New Foreign Secretary Liz Truss has defended the UK's "hard-headed" security pact with the US and Australia, amid a deepening diplomatic row with France.
The AUKUS deal saw the UK, Australia and the US form a security pact to develop and deploy a new fleet of nuclear-powered submarines, adding to the Western military presence in the Pacific region.
The UK's foreign secretary said the agreement showed Britain's readiness to be "hard-headed in defending our interests", adding that it could result in hundreds of new jobs.
Ms Truss's comments came as the French foreign minister accused pact members of "lies... duplicity" and a "major break in trust" and the UK of being a "spare tyre" in the partnership.
France was outraged by the deal which sees them losing out on a £48bn contract to supply conventional submarines to Australia, who opted for nuclear-powered subs provided by Britain and the US.
In response, they recalled their ambassadors to the US and Australia, although there was no similar order to return to Paris for the French envoy to London.
Writing in The Sunday Telegraph, Ms Truss made no mention of the diplomatic stand-off with the French.
In her article, Ms Truss said the agreement, widely seen as a counter to increasing Chinese military assertiveness in the region, underlined the UK's commitment to the Indo-Pacific.
She said Britain would always be a "fierce champion" of freedom and that the agreement illustrates the nation's commitment to "challenging unfair practices and malign acts".
"Freedoms need to be defended, so we are also building strong security ties around the world," she wrote.
"That is why last week the prime minister announced, alongside our friends President Biden and Prime Minister Morrison, the creation of a new security partnership called AUKUS.
"It shows our readiness to be hard-headed in defending our interests and challenging unfair practices and malign acts."
France's foreign minister Jean-Yves Le Drian said his country's decision to recall their ambassadors to the US and Australia showed the intensity of the crisis.
In an interview with France 2, he said: "There have been lies, there has been duplicity, there has been a major break of trust, there has been contempt, so it's not going well between us, not at all.
"We're recalling our ambassadors to try to understand, but also to show to our former partner countries that we have very strong discontent, really a serious crisis between us."
Later in the interview, he added: "We're recalling our ambassadors to see how we can re-evaluate the situation, but with Britain, we do not need to. We know their constant opportunism, so there's no use in having our ambassador (in Britain) come to explain that to us. In addition, Britain in this matter is quite the spare tyre."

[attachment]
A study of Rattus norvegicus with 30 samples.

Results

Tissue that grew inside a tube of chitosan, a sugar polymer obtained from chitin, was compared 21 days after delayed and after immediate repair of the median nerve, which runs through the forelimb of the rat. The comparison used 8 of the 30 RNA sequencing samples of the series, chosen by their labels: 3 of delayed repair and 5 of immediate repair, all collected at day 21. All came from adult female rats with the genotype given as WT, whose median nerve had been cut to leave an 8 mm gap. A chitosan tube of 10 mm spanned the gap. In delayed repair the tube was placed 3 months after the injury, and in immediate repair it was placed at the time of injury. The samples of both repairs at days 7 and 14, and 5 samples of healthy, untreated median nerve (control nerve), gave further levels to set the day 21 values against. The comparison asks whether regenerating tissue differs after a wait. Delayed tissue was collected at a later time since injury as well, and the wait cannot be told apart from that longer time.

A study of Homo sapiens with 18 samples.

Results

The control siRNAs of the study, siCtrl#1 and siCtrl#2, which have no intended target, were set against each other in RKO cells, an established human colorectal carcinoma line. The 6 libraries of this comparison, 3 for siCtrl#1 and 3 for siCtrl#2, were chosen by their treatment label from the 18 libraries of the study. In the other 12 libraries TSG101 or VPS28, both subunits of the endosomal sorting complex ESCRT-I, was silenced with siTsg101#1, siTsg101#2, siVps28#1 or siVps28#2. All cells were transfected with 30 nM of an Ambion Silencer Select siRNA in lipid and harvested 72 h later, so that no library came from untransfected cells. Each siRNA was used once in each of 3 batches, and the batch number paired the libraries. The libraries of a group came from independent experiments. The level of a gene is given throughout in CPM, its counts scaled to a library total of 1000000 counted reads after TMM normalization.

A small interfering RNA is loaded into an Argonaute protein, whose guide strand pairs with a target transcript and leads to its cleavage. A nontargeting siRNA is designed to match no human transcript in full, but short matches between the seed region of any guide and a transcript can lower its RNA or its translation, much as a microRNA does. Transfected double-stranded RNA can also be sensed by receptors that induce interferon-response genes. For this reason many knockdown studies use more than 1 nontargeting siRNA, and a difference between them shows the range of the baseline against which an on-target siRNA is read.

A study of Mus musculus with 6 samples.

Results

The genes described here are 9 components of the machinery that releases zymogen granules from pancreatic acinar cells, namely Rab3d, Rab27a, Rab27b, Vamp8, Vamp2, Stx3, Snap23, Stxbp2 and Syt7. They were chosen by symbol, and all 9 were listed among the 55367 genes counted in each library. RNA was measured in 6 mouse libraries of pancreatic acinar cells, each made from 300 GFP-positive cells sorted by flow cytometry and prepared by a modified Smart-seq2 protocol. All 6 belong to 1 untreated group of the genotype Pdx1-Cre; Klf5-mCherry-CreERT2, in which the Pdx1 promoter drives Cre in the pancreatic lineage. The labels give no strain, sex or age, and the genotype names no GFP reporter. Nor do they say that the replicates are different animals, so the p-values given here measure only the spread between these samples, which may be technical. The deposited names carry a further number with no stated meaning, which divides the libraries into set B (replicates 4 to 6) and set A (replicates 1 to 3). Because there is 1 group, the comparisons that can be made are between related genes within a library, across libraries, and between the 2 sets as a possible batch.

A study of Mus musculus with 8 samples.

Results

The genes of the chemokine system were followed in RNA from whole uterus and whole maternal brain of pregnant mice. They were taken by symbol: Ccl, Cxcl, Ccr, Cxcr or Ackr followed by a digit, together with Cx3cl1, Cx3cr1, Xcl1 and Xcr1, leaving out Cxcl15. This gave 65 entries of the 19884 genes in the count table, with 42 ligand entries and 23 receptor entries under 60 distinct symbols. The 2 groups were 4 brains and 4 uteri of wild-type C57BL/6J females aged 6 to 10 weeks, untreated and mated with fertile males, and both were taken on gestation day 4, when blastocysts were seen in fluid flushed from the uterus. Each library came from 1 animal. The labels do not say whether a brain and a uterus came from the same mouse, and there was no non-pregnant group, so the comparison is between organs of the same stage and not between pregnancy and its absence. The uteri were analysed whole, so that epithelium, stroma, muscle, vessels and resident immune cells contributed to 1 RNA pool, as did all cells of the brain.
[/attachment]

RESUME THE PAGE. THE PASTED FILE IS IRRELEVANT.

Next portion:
Australia's Prime Minister Scott Morrison said he understood French disappointment but Australia needed to look after its interests.
He said: "Of course it's a matter of great disappointment to the French government, so I understand their disappointment. But at the same time, Australia like any sovereign nation must always take decisions that are in our sovereign national defence interest."
Gerard Araud, former French ambassador to the US, told Sky's Trevor Phillips on Sunday programme that French upset was not just about the loss of the submarine contract - it was because it has lost a strategic partnership it had hoped to build on in the Indo-Pacific region, having recently undertaken naval drills with India and Australia.
On Saturday, the president of the French National Assembly told Sky News that the bonds of friendship between France and the UK, US and Australia have been "tarnished" by the AUKUS pact.
Speaking while attending the G7 Speakers' Conference in Chorley, Lancashire, Richard Ferrand said: "I think it has somewhat tarnished the bonds of friendship that we have. Yes, it has made things more difficult in terms of trust and friendship."
Pressed on why Catherine Colonna, the top French diplomat in the UK was not recalled, Mr Ferrand said: "Obviously it was not my decision but we thought it was more important to recall the ambassadors of the two main protagonists in this thing."
Andreas Michaelis, Germany's ambassador to the UK, has suggested the AUKUS agreement threatens the "coherence and unity of the West".
The French were reportedly given just a few hours' notice of the new agreement ahead of what is expected to be a tough election year for Mr Macron.
Beijing swiftly denounced the initiative as "extremely irresponsible" and a threat to regional peace and stability.
Leon Panetta, the former US secretary of defence, said the deal was "about engagement and it's about deterrence".
He told Sky News' Trevor Phillips on Sunday: "I think that the most important thing that needs to be done in dealing with China is to strengthen our alliances.
"The one thing the Chinese don't do very well is have allies. That's not something that works well for them. Same thing is true for Russia.
"They don't like other countries developing alliances that might limit them in the decisions they make.
"So I think the fact that we announced this security partnership and that we made clear we are going to be able to exchange not only intelligence but also technologies and we're going to help provide nuclear-powered submarines to the Australians so that they can have that capability.
"I think what that does is it sends a message to China that we are not going to simply sit back and allow China to have its way in the Pacific."